According to Gary Detman at CBS 12, as of October 17th, West Nile Virus has been detected in the western part of Palm Beach County. Over 60 sub-species of mosquitoes that like to lay their eggs in stagnant water can carry West Nile Virus. Because mosquitoes thrive in Florida’s tropical climate, the Florida Health Department uses sentinel chickens as an early warning system for diseases. These chickens play an essential role in detecting mosquito-borne diseases in Florida. Blood samples are extracted weekly from flocks of sentinel chickens placed strategically around Florida counties and tested for the presence of antibodies to West Nile Virus, Eastern Equine encephalitis, and St. Louis encephalitis.
West Nile Virus
A flavivirus, this genus also includes dengue fever, tick-borne encephalitis virus, yellow fever virus, Zika virus, and several other viruses which may cause encephalitis. Named from the yellow fever virus, most of these viruses are transmitted from an infected arthropod, mosquito, or tick and so are classified as arboviruses. FloridaHealth.gov says that first identified in Uganda in 1937, West Nile Virus was introduced to the US by way of New York in 1999 and by 2001, it had reached Florida. Now considered endemic to the US mainland, West Nile Virus has been identified in all US states except Alaska and Hawaii. Annual epidemics of West Nile Virus are not uncommon in some parts of the country during the summer.
Fortunately, West Nile Virus only affects 1 in 5 people
Most people infected with West Nile Virus, around 80%, show no symptoms; however, some do develop mild flu-like symptoms, with fever, nausea, headaches, and fatigue, along with body aches and pains. Less than 1% of people with West Nile Virus develop the most severe form of the disease, neuro invasive West Nile Virus that can involve meningitis and encephalitis, escalating into irreversible neurological damage, paralysis, coma, and death, according to FloridaHealth.gov. Because no vaccine has been developed to combat West Nile Virus, “We are constantly monitoring for mosquito-borne diseases like West Nile Virus,” said Health Department Director, Dr. Alina Alonso. She added, “With these continued confirmations from the state lab of the presence of West Nile Virus, it is a good reminder for all to take the necessary preventative measures.”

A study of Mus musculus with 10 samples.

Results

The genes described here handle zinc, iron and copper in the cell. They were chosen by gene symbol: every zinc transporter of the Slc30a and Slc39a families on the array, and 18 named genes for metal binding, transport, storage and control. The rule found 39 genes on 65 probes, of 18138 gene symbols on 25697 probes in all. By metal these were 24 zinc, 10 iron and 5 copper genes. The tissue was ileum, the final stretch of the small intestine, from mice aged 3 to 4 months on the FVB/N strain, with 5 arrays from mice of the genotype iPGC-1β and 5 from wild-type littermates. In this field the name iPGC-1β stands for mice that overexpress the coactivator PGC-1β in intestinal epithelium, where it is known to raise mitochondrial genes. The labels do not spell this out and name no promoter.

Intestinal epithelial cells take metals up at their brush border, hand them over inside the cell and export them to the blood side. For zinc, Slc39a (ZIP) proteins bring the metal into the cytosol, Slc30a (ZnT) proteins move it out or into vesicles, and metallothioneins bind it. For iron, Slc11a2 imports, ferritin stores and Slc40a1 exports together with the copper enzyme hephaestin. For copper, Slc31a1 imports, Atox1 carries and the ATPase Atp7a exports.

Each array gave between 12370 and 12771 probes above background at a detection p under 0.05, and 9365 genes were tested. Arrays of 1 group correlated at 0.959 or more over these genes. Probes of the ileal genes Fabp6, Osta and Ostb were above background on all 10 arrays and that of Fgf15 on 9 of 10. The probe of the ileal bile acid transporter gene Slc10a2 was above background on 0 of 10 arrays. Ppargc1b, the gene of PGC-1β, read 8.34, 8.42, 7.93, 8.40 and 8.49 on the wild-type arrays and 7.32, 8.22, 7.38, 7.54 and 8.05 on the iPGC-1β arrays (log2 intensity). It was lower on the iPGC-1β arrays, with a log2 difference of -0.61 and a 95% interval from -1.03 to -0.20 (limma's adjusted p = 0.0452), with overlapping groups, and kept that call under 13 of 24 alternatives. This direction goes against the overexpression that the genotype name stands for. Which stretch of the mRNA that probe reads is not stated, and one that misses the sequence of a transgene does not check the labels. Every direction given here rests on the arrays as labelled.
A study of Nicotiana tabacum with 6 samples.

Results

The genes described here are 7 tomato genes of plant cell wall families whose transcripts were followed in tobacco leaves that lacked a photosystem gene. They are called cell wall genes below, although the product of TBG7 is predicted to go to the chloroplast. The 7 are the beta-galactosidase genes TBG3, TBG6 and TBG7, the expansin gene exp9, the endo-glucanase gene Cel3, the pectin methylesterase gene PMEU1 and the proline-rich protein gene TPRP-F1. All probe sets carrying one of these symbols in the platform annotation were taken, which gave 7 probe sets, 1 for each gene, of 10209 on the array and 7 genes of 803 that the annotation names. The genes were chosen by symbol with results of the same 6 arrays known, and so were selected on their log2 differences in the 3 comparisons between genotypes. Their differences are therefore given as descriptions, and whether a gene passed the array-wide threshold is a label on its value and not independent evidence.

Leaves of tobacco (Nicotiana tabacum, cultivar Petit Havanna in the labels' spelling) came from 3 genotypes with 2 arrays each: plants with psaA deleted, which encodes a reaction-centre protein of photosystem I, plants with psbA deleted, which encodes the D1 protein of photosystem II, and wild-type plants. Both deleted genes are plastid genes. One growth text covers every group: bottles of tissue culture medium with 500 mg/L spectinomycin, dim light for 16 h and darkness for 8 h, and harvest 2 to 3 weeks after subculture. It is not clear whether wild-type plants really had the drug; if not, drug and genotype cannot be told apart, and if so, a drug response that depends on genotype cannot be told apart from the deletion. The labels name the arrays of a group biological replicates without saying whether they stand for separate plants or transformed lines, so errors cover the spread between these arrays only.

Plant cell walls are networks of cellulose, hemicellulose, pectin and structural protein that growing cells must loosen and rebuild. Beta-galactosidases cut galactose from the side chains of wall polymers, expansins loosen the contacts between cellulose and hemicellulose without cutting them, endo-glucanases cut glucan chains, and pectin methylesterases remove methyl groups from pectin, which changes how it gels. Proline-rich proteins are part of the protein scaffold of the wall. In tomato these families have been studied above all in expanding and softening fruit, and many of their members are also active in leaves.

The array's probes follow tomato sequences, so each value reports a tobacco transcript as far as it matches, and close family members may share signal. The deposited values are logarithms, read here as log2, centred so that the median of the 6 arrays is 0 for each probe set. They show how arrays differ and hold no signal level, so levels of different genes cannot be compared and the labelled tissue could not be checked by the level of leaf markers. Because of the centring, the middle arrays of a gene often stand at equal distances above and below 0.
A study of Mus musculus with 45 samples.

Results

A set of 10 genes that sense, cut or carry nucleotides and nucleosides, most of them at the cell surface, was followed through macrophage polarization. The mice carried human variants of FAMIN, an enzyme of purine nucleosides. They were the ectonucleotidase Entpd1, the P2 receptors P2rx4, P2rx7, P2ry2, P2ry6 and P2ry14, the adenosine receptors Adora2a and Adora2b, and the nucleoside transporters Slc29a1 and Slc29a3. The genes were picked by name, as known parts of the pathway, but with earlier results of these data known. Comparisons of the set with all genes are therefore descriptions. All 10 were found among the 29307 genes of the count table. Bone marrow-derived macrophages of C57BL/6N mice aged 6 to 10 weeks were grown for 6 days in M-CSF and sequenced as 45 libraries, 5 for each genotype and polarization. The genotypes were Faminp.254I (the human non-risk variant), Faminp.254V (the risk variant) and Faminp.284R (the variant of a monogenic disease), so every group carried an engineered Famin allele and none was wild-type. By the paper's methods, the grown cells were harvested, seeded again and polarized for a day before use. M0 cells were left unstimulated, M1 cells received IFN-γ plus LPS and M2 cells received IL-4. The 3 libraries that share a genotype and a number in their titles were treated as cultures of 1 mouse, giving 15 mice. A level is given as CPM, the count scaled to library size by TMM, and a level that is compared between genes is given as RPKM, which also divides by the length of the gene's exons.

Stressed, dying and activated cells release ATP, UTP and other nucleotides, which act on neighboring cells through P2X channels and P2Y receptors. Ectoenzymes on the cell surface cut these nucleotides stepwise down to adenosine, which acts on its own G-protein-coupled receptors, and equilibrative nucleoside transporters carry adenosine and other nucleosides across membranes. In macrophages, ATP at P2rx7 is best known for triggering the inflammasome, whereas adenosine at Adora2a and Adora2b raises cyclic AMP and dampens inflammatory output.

How can you reduce mosquito populations?
Here are some tips you may want to review for protecting yourself and your family from mosquitoes:
The necessary measures include applying insect repellent
With confirmed cases of West Nile Virus in Belle Glade, Pahokee, and Jupiter Farms in western Palm Beach County, health officials recommend that residents in South Florida apply insect repellent with DEET. Recently, DEET has been used extensively to protect against other mosquito and tick-borne illnesses, such as equine encephalitis and Lyme disease. While DEET has been protecting people from gnats, ticks, mites, and other bloodsucking arthropods since 1973, concerns about the adverse effects of DEET on the nervous system has driven some people to seek other mosquito repellents. The Center for Disease Control and Prevention (CDC) cites (EPA)-registered insect repellents that have been proven safe, “even for pregnant and breastfeeding women.” Surprising to some, these include DEET, as well as the following:
- Oil of lemon eucalyptus (OLE)
- Para-methane-diol (PMD)
These insect repellents should be used according to the manufacturer’s directions. When using DEET, officials say, “less is more.”
Wear appropriate clothing
In order to minimize the use of DEET and other repellents, wear long-sleeved shirts, long pants, and closed toe shoes when hiking or walking in wooded areas.
Think about the time of day
Mosquitoes tend to show up early in the morning or at dusk to feed on unsuspecting hosts. Plan outdoor activities at other times when mosquitoes aren’t as active. Steering clear of the woods at dusk or dawn can help avoid mosquito bites.
Eliminate standing water
The best ways to discourage mosquitoes breeding in your backyard? Get rid of objects that can trap water. Store kids’ toys, extra planters, and empty plant containers in a shed or storage building. Drill holes in recycling containers to allow water to drain out. Removing clutter and debris in your yard can help eliminate areas where water can collect. Changing the water in pet bowls and birdbaths every other day can reduce the odds that mosquitoes will breed in your yard. Ensuring that downspouts are draining properly, away from your house, in addition to correcting any water-prone areas in your yard helps keep mosquitoes from moving in close to a food source – you, your family, and your pets.
Screens and doors
Repair or replace torn screens in doors and windows around your home. You can use mosquito-netting to keep mosquitoes out of strollers and baby carriages.
Contact a professional
In May, the CDC’s report indicated that vector-borne diseases are on the rise in the US due to global travel and a warming planet. If you suspect mosquitoes might be breeding in your backyard, contact a trusted pest control professional, such as Hulett Environmental Services to inspect your property.
Our technicians address potential mosquito breeding areas, treating them with a residual product, and applying a sticking agent to the places mosquitoes tend to rest during the day. Additionally, we treat all doorways and windows with a microencapsulated product that creates a mosquito barrier around your home. Take back your backyard from mosquitoes.
Contact us to schedule a free mosquito inspection. Just call Hulett!